Italian journalist Emiliano Fittipaldi speaking to the press on Tuesday (AP)

An Italian journalist who is under criminal investigation by the Vatican for publishing a book about scandals at the Holy See said Tuesday he refused to answer the Vatican prosecutor’s questions during an interrogation this week, citing his right under Italian law to protect his sources.

Emiliano Fittipaldi, author of the new book Avarice, based on leaked Vatican documents, said he agreed to go to the Vatican on Monday after being formally summoned because he wanted to understand exactly what he was accused of.

But he told reporters Tuesday that he refused to answer the prosecutors’ questions, citing the protections journalists enjoy in Italy to shield their sources — protections which don’t exist in the Vatican legal code.

“I’d rather go to jail than reveal one of Avarice’s sources,” he said.

“(The Vatican) wants to create an internal precedent, as a way to stop other leaks in the future. They don’t care at all about what we think of these medieval rules.”

Another Italian journalist who wrote a second book about Vatican mismanagement and is also under investigation by the Vatican refused to appear for questioning this week. Gianluigi Nuzzi, author of Merchants in the Temple, also cited the utter lack of protections for journalists in the Vatican legal code, and the fact that the Italian constitution guarantees freedom of the press.

Both books detailed the waste, mismanagement and greed at the Vatican and the resistance Pope Francis is running into in trying to clean it up. Two people who had access to the documents cited by the books have been arrested in the case; one remains in a Vatican jail cell.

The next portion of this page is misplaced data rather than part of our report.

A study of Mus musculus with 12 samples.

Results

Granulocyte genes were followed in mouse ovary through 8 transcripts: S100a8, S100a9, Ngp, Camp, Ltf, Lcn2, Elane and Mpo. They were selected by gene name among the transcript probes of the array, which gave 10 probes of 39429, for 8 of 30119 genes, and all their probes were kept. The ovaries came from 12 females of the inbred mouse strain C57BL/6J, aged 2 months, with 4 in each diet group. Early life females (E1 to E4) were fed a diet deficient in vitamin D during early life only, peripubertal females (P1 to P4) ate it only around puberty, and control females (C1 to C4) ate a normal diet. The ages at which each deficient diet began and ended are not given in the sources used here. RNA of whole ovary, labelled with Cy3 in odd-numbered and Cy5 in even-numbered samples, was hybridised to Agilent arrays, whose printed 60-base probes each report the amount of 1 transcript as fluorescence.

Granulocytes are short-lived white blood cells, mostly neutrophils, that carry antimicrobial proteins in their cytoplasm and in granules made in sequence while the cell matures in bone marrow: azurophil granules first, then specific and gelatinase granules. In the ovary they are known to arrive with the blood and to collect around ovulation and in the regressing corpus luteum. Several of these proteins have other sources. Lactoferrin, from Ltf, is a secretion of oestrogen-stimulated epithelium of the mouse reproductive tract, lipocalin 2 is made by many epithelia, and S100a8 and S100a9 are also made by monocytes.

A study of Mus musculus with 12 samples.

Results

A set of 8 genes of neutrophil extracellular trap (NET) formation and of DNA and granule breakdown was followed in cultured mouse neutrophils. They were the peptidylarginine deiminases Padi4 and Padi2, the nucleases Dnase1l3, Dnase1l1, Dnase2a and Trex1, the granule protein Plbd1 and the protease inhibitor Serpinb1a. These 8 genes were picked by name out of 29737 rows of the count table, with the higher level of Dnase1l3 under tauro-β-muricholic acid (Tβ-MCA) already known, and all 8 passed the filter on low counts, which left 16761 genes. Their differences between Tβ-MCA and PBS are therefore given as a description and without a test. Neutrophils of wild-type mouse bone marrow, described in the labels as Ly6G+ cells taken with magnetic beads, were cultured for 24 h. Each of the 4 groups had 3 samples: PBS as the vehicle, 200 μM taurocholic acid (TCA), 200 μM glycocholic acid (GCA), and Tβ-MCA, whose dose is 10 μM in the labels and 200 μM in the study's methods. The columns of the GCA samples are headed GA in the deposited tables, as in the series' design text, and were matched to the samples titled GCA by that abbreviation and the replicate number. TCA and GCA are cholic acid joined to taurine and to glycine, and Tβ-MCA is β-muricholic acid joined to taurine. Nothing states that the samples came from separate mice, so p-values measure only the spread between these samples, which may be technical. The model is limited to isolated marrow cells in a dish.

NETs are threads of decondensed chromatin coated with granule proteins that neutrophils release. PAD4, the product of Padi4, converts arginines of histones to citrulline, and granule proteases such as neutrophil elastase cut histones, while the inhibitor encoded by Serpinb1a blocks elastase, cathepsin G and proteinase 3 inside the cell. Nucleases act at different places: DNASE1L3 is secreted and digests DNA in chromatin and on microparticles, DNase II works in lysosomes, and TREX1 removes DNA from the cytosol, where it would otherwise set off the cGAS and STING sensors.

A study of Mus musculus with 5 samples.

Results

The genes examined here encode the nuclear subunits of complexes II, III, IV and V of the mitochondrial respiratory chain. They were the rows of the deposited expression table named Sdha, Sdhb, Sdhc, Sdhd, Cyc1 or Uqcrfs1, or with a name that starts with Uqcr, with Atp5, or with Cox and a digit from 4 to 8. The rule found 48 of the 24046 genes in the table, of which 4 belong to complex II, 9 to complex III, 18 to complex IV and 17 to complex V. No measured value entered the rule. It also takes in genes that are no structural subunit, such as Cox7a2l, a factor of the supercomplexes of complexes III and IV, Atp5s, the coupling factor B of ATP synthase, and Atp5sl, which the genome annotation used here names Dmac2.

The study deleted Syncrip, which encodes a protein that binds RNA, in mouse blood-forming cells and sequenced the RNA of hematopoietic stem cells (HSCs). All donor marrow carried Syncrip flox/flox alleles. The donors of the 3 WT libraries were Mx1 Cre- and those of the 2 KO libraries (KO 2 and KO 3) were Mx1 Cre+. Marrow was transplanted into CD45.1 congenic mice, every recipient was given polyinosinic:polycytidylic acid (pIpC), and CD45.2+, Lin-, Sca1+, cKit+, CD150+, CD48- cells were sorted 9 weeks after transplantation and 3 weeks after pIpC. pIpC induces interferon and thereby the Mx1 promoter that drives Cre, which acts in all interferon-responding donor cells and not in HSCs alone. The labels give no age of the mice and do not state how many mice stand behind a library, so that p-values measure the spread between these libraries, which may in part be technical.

If the Vatican tribunal goes ahead and charges the two journalists and ultimately convicts them, it will come down to a political question as to whether the Holy See will request their extradition from Italy — and whether Italy will oblige.

Fittipaldi said on Tuesday that he expected prosecutors would shelve the case, but that regardless he didn’t think Italy would turn over two Italian journalists to face Vatican justice given that the Italian constitution guarantees freedom of the press.

Fittipaldi said the prosecutor told him he was facing the stiffest possible prison sentence — from four to eight years — because the Vatican considers the publication of the information to have been a crime against the state. According to the 2013 law, the Vatican asserts jurisdiction over foreign citizens even when the alleged crime occurs outside the Vatican if the crime is considered to be against the Vatican itself, and if the potential penalty is over three years.

“I’m really shocked, because reading my book, I would have thought that once the news was out there would have been investigations about other things inside the Vatican — not the publication of the news,” Fittipaldi said.